If you want to work out what someone thinks about something, you start by asking them what they think. Quantitative and qualitative data can help you understand how people feel about a particular policy, program, paint colour, or trans-Tasman argument over who invented pavlova…
But when you’re asking people what they think, how do you know they understand your questions?
Enforced remote working gave researchers from the Department of Agriculture, Water and the Environment an excuse to try a new way of testing their survey questions on the general public.
Cale Hubble and Kate Boucaut from the department’s Behavioural Analysis team were working on developing insights for the National Waste Policy. They wanted to find out the public’s attitude towards supermarket products made with recycled content or recycled packaging.
Little specific research existed, so they designed a survey to fill the gap. Cale explains that after creating the survey, they’d normally ask a few colleagues if they understood the questions.
‘The usual way to test a survey is to run the questions past a few mock participants in the department to make sure they run well. This is to give us assurance the questions make sense and that people are answering them in the ‘right way’,’ says Cale.
But COVID-19 put any in-person testing out of the question.
So, they looked to try out a different testing method that had previously been considered above-and-beyond.
Enter stage left — cognitive interviewing online.
Cognitive interviewing is a way of trialling the quality of the questions, not just whether they make sense. Interviewers guide survey testers through the questions, asking them to explain the thought processes behind why they’re answering in a particular way.
This then gives the survey designers, like Cale and Kate, insight into whether or not people actually understand what the survey is asking them.
The pair said they’d always wanted to try the method, but resisted the extra step because of a lack of funding or resources.
Enter stage right — a trial to trial things.
Fortuitously, while designing the survey, the team got the opportunity to test out a beta-video interview function being run by a Brisbane-based research company, Askable.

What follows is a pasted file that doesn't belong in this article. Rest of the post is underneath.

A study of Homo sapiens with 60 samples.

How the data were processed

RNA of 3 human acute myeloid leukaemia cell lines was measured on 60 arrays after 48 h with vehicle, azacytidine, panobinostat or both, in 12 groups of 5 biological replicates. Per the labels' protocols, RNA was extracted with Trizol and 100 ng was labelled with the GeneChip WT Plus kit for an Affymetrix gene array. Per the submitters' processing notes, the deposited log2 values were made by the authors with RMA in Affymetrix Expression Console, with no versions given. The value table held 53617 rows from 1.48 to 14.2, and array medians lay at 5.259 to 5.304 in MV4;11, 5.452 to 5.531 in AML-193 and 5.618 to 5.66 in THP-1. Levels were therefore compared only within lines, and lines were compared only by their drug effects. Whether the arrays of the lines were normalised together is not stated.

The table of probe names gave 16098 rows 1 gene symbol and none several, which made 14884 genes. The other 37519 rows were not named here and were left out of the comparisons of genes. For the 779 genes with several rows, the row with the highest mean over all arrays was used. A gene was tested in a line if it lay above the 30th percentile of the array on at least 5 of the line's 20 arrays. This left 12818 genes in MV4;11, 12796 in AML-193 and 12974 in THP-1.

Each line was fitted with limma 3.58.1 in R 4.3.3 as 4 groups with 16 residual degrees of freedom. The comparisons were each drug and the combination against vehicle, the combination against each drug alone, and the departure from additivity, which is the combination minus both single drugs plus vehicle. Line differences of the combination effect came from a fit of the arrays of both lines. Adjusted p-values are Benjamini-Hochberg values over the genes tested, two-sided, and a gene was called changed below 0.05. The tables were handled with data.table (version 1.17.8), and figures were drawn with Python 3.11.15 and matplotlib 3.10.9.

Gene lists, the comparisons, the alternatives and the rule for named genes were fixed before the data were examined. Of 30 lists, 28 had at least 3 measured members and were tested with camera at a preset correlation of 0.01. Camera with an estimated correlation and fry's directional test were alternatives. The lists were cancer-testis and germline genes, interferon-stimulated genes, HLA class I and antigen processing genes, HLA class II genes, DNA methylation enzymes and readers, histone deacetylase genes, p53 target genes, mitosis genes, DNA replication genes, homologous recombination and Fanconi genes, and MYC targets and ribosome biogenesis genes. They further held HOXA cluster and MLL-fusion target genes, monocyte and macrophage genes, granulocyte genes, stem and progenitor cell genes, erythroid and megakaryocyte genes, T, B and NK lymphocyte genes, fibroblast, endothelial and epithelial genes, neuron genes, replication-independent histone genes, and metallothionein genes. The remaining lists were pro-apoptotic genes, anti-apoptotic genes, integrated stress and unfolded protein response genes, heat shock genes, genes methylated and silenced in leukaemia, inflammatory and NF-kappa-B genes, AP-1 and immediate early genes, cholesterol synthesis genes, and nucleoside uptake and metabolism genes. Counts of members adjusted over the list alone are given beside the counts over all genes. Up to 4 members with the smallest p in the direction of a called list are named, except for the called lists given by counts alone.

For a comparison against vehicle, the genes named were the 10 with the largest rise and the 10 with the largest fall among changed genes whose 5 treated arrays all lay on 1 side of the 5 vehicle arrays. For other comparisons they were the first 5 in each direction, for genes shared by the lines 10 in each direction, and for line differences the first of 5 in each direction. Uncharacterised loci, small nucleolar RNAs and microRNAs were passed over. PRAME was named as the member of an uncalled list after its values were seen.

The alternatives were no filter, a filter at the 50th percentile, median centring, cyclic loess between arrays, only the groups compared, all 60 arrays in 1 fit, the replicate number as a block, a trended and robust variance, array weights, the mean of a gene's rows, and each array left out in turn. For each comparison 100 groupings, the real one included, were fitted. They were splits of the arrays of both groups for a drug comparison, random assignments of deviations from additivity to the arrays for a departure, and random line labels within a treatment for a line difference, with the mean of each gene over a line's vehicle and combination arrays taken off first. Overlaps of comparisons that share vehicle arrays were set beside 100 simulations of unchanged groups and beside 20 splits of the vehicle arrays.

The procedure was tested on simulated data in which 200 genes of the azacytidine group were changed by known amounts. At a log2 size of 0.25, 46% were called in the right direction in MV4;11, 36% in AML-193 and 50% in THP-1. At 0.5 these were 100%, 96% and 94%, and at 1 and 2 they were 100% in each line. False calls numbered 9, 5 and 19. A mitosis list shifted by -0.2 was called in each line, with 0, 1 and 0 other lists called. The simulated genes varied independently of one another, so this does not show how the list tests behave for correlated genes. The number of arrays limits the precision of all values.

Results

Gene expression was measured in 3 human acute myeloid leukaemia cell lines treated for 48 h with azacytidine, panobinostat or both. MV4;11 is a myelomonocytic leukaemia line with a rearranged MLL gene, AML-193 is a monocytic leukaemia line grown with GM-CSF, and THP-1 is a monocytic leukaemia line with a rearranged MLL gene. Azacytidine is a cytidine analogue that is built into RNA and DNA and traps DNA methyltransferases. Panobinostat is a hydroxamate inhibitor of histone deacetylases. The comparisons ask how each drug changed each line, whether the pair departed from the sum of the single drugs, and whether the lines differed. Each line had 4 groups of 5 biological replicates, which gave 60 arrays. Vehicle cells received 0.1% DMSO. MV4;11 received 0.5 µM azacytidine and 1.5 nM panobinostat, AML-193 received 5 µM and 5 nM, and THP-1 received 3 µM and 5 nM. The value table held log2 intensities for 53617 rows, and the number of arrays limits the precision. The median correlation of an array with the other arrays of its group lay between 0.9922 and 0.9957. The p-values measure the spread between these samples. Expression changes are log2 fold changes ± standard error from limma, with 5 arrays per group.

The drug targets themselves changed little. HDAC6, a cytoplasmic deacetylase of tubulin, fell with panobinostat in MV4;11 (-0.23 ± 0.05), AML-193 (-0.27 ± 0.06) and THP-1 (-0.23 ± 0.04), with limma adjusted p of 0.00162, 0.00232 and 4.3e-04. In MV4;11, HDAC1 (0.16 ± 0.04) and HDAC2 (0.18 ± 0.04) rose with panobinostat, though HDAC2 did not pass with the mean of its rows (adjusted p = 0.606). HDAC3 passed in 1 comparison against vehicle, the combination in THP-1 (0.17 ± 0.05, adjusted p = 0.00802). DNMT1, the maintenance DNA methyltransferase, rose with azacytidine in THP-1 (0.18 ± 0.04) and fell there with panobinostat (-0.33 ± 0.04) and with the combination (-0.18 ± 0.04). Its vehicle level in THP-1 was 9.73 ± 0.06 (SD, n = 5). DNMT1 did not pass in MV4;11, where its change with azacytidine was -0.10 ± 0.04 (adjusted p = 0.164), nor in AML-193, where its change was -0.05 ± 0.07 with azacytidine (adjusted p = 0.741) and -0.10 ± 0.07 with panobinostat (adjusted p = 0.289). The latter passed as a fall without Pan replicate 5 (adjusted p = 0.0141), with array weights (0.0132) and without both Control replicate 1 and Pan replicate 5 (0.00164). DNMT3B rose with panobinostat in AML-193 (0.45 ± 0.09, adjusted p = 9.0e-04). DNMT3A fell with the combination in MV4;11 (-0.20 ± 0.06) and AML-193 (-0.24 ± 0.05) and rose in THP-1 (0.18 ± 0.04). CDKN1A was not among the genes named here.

‘The company provides survey testers plucked from the general public, something we’ve always struggled to access. The testers are usually used for testing products before they hit the market, but with the new video feature we thought it was worth exploring for our purposes,’ explains Cale.
Kate says they took advantage of a trial credit they had received at a conference (pre-pandemic).
‘It was the perfect storm really. We needed to get this survey out and it’s difficult to access a wide range of survey participants at the best of times, let alone during a pandemic. The free credits were about to run out and, with a bit of time up our sleeve, we just thought, why not?’ explains Kate.
‘There was no stress on the budget or time pressures with a procurement process, since it was free. With virtually no risk, it seemed like a no-brainer.’
Not only were Cale and Kate moving their whole process online, they were also piloting the online service, trialling the company’s beta version video function, and giving cognitive interviewing a go for the first time.
The pair say while it would have been nice to test out the new ways of working one at a time, rather than all at once, the experiment was a total success.
‘We’d always had this gut feeling we should try cognitive interviewing,’ says Cale. ‘It plays a really powerful role in improving the quality of your data and legitimising it, and the service allowed us to test the user experience and question our assumptions.’
The cognitive testing results led to an epiphany.
‘Our assumptions were completely busted. We expect people to think like we do and to understand the recycling terms we use. But this wasn’t the case — they were interpreting our questions differently,’ says Cale.
In any survey, misunderstandings can potentially skew the dataset.
‘We looked at the project from a completely different perspective after the results came back,’ says Kate.
‘We’ll definitely continue with cognitive testing after this. Until we were able to test it out, we didn’t even realise we weren’t happy with the veracity of the old method. We now think of it as old school.’
Cale’s and Kate’s advice to others is: ‘Don’t be scared of new ideas or new technology — just give it a go.’
And you might just find out that nice-to-have was necessary all along.
The Public Sector Innovation Network (PSIN) was an Australian government network helping public servants understand and apply innovation in their daily work. PSIN ceased on 8 January 2021.
See more PSIN resources or read about PSIN on the National Library of Australia Trove archive.